San Antonio — Clear Channel and BMW successfully tested a new algorithm that will enable Clear Channel to accelerate its traffic-data service over HD Radio stations.

Clear Channel will offer the speedier service sometime later this year.

By mating a new algorithm with HD Radio, Clear Channel radio stations could transmit a greater volume of data at higher speeds, delivering “current and predicted traffic patterns, speeds and flows almost instantaneously,” the companies said. This increased performance would enable Clear Channel to expand its traffic service to include traffic-flow predictions and more precise location referencing, the companies added.

In a proof-of-concept exercise, BMW equipped a BMW 5 Series with custom hardware and software, including an HD Radio data tuner, and drove it throughout the Philadelphia metro area. The more efficient TPEG/TFP encoding protocol made it possible to transmit rush-hour traffic information for the entire metro area in just 14 seconds using only 52 messages.

Clear Channel began transmitting traffic data via HD Radio in 48 of the largest U.S. metropolitan areas in 2007, but the first device capable of receiving the service — a Dual-brand portable naviation device — wasn’t announced until early this year. Clear Channel’s traffic service is currently available in 50 markets via analog FM and HD Radio channels.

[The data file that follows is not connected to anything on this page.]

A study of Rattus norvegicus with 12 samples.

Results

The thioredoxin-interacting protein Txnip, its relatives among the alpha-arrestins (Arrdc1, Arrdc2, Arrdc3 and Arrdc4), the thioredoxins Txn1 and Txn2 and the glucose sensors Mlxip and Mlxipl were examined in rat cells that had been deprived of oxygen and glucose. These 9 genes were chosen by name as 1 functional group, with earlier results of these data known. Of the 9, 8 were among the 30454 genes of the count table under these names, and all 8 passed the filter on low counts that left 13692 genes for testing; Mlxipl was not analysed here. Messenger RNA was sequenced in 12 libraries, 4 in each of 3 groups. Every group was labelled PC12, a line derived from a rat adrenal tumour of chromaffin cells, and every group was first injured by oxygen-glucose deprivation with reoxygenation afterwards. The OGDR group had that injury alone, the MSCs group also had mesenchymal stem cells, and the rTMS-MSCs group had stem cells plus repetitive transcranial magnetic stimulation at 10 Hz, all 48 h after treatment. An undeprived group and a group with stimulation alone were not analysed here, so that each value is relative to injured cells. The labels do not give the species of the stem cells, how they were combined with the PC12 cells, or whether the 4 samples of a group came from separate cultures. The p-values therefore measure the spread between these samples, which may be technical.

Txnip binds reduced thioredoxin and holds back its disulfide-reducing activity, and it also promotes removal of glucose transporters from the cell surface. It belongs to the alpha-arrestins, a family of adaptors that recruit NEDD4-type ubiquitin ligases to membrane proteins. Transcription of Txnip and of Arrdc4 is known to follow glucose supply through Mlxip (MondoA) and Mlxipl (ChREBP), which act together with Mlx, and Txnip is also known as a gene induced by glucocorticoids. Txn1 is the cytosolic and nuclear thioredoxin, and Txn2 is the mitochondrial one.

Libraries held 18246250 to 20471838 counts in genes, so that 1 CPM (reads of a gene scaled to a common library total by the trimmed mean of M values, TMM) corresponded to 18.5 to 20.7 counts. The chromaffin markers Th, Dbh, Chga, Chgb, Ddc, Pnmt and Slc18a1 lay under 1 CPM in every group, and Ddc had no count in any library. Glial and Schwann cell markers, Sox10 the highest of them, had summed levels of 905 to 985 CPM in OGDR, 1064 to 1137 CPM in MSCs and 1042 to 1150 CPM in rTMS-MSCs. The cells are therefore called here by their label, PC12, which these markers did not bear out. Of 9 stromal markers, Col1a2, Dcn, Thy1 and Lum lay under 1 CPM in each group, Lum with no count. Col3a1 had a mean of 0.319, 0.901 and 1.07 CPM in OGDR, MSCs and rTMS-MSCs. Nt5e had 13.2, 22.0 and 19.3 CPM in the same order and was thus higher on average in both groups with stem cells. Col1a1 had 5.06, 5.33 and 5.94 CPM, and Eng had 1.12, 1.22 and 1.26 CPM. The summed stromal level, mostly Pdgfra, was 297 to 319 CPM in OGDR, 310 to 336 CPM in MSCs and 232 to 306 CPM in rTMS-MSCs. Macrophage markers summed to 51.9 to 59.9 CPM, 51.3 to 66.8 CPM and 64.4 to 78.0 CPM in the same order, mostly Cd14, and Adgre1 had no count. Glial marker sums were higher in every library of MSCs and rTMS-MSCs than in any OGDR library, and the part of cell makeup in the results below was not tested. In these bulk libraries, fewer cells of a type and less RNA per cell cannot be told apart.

Clear Channel’s current HD Radio traffic service already accelerates transmission rates over Clear Channel’s RDS-based analog-FM service. The HD Radio service refreshes information more frequently and includes more information than standard RDS-based traffic reports, the company said. The wider HD Radio pipe can deliver 500 incident reports to the device per minute compared to RDS, which can deliver only about 50 incidents per minute, HD Radio developer iBiquity added.

ClearChannel said the new digital traffic service will be four times faster than the current digital-traffic service and 10 times faster than its RDS service. The radio chain will continue to broadcast in all three formats to service PNDs and navigation systems that incorporate the older standards.

Clear Channel Radio delivers data to more than 500,000 users in four countries.